2,995 mm (118 in) (until 1976) 3,045 mm (120 in) (post-1976 truck) 3,090 mm (122 in) (post-1976 Van)
1,295 mm (51 in)
1,615 mm (64 in)
In September 1971 the fourth generation Hijet appeared, with all-new sheetmetal, initially available only as a truck. The engine remained the ZM 360 cc two-stroke two-cylinder, while the rear suspension reverted to a live, leaf-sprung unit.In February 1972 a new Van was presented, originally marketed as the "Slide Van" as it now featured sliding doors on both sides in addition to a top-hinged tailgate. In September 1974 the front clip and rear bumper underwent light changes to accommodate full-size yellow license plates (hitherto, kei cars had been equipped with smaller plates than normal).
In October 1976 the four-stroke Hijet 550 appeared, with the new 550 cc AB20 engine taking full advantage of the recent new kei regulations. Bigger bumpers meant that all Hijets built after this date are slightly longer, as the 360 received the same external changes simultaneously, including a new front clip. To reflect the new engine, the 550 received the new chassis code S40. In export trim, where it was sold as the Daihatsu 550 Cab and Cab-Van, this engine has 30 PS (22 kW) at 5,500 rpm, and 4.2 kg·m (41 N·m; 30 lb·ft) at 4,000 rpm. The 550 Van had an advantage of a higher carrying capacity than the 360 Van, at 350 rather than 300 kg (772 and 661 lb).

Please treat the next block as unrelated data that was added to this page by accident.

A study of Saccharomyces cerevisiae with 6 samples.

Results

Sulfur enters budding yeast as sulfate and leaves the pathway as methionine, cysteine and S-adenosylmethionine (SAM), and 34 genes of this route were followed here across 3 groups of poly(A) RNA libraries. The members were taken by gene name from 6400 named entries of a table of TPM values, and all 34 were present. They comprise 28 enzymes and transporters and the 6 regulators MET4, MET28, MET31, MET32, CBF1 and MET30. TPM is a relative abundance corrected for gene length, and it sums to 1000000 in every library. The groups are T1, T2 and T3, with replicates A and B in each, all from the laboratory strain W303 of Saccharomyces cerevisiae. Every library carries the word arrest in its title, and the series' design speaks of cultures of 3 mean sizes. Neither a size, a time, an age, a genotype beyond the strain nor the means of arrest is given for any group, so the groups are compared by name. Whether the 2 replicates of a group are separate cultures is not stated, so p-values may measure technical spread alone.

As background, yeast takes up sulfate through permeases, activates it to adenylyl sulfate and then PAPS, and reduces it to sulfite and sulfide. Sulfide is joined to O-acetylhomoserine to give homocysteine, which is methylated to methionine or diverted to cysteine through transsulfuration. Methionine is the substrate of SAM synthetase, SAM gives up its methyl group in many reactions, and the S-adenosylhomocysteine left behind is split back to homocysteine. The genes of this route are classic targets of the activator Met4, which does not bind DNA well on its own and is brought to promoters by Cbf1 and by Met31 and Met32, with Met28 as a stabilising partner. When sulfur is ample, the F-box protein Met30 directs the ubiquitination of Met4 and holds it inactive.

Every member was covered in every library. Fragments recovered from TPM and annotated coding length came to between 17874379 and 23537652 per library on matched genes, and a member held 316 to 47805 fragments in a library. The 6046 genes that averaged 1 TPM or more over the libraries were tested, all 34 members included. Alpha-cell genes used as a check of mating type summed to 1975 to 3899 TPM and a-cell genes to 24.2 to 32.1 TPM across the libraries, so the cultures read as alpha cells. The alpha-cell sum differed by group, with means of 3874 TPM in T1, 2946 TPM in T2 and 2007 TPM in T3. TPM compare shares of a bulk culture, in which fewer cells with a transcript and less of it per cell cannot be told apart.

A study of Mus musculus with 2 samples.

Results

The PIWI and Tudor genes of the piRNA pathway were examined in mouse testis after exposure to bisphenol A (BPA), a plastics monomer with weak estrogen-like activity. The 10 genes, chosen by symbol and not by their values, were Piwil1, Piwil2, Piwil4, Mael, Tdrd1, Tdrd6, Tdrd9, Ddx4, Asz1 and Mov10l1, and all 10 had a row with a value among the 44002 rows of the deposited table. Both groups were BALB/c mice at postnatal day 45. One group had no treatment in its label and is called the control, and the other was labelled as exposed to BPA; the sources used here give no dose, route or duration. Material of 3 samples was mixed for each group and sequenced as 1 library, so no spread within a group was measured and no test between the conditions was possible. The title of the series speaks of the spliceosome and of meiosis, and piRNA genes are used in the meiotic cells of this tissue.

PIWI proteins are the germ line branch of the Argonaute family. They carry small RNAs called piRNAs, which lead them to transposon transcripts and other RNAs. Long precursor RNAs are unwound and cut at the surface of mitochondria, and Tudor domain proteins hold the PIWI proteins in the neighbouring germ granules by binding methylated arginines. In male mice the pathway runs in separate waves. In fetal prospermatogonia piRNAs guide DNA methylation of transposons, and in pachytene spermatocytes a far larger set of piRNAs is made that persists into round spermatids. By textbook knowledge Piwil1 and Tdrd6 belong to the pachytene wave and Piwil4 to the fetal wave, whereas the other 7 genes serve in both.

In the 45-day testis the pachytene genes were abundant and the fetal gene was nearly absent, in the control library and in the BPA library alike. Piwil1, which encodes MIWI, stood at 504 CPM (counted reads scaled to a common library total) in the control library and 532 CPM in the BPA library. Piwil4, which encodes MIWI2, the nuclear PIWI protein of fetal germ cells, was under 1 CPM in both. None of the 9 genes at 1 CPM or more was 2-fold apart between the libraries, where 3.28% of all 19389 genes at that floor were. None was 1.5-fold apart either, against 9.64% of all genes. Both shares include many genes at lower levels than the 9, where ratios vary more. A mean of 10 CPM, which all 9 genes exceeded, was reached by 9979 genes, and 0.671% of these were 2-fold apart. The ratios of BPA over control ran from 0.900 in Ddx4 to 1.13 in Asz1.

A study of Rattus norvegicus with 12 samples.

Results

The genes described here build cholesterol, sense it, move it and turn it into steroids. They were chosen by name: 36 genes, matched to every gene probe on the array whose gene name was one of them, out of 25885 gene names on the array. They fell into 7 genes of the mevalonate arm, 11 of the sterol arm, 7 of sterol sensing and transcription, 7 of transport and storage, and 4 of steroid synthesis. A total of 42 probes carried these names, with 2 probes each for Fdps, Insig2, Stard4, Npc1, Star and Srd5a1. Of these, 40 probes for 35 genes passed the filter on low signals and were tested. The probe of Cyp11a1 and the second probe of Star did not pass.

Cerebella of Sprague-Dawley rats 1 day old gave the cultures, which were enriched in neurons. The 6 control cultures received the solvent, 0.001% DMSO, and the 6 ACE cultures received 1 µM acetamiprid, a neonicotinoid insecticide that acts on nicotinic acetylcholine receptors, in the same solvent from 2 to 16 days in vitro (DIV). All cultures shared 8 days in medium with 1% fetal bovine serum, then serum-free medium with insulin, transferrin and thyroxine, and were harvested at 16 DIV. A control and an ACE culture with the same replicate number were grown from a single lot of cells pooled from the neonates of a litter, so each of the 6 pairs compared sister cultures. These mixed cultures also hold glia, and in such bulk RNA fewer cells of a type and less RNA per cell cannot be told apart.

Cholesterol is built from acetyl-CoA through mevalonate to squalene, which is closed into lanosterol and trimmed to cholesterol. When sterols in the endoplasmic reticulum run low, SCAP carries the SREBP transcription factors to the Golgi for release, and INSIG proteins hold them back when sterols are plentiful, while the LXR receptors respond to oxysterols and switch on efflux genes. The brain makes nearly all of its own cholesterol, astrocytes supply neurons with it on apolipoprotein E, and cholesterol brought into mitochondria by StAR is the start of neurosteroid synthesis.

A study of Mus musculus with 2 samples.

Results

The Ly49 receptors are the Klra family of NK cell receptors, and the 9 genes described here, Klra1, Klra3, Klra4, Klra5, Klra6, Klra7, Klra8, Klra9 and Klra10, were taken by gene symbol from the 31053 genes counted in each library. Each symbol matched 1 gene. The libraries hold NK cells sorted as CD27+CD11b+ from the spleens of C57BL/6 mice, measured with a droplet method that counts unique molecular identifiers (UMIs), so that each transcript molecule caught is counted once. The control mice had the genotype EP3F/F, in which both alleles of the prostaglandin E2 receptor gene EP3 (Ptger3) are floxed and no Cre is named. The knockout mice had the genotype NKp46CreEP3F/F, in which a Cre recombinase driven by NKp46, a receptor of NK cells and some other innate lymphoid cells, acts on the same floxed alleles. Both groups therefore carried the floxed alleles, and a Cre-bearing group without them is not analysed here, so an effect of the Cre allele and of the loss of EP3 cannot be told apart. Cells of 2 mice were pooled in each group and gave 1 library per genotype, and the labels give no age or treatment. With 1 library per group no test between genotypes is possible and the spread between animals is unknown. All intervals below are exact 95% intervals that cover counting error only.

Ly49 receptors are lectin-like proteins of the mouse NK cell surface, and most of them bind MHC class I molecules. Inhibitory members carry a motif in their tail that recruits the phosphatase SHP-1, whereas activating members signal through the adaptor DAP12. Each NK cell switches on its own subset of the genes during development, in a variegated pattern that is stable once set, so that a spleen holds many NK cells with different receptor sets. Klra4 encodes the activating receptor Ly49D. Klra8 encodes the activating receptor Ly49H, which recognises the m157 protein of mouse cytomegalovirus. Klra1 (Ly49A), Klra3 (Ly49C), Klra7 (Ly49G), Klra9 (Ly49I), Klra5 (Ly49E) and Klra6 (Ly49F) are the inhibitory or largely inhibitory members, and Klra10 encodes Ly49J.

Less than a year after the introduction of the 550, the wider and longer Hijet Wide 55 (S60) appeared, but the Hijet 550 continued in production and even underwent a facelift in April 1979 and now carried a blacked out grille. In April 1981 the four-stroke S40 Hijet 550 was discontinued, but the two-stroke S38 continued to be available until August 1981 as a low-cost version (by which time the sixth generation Hijet was already on sale). The later ZM-engined versions had 24 PS (18 kW). The two-stroke was also popular in many Southeast Asian markets, where emissions regulations were more lax and its lower purchasing price had a bigger impact.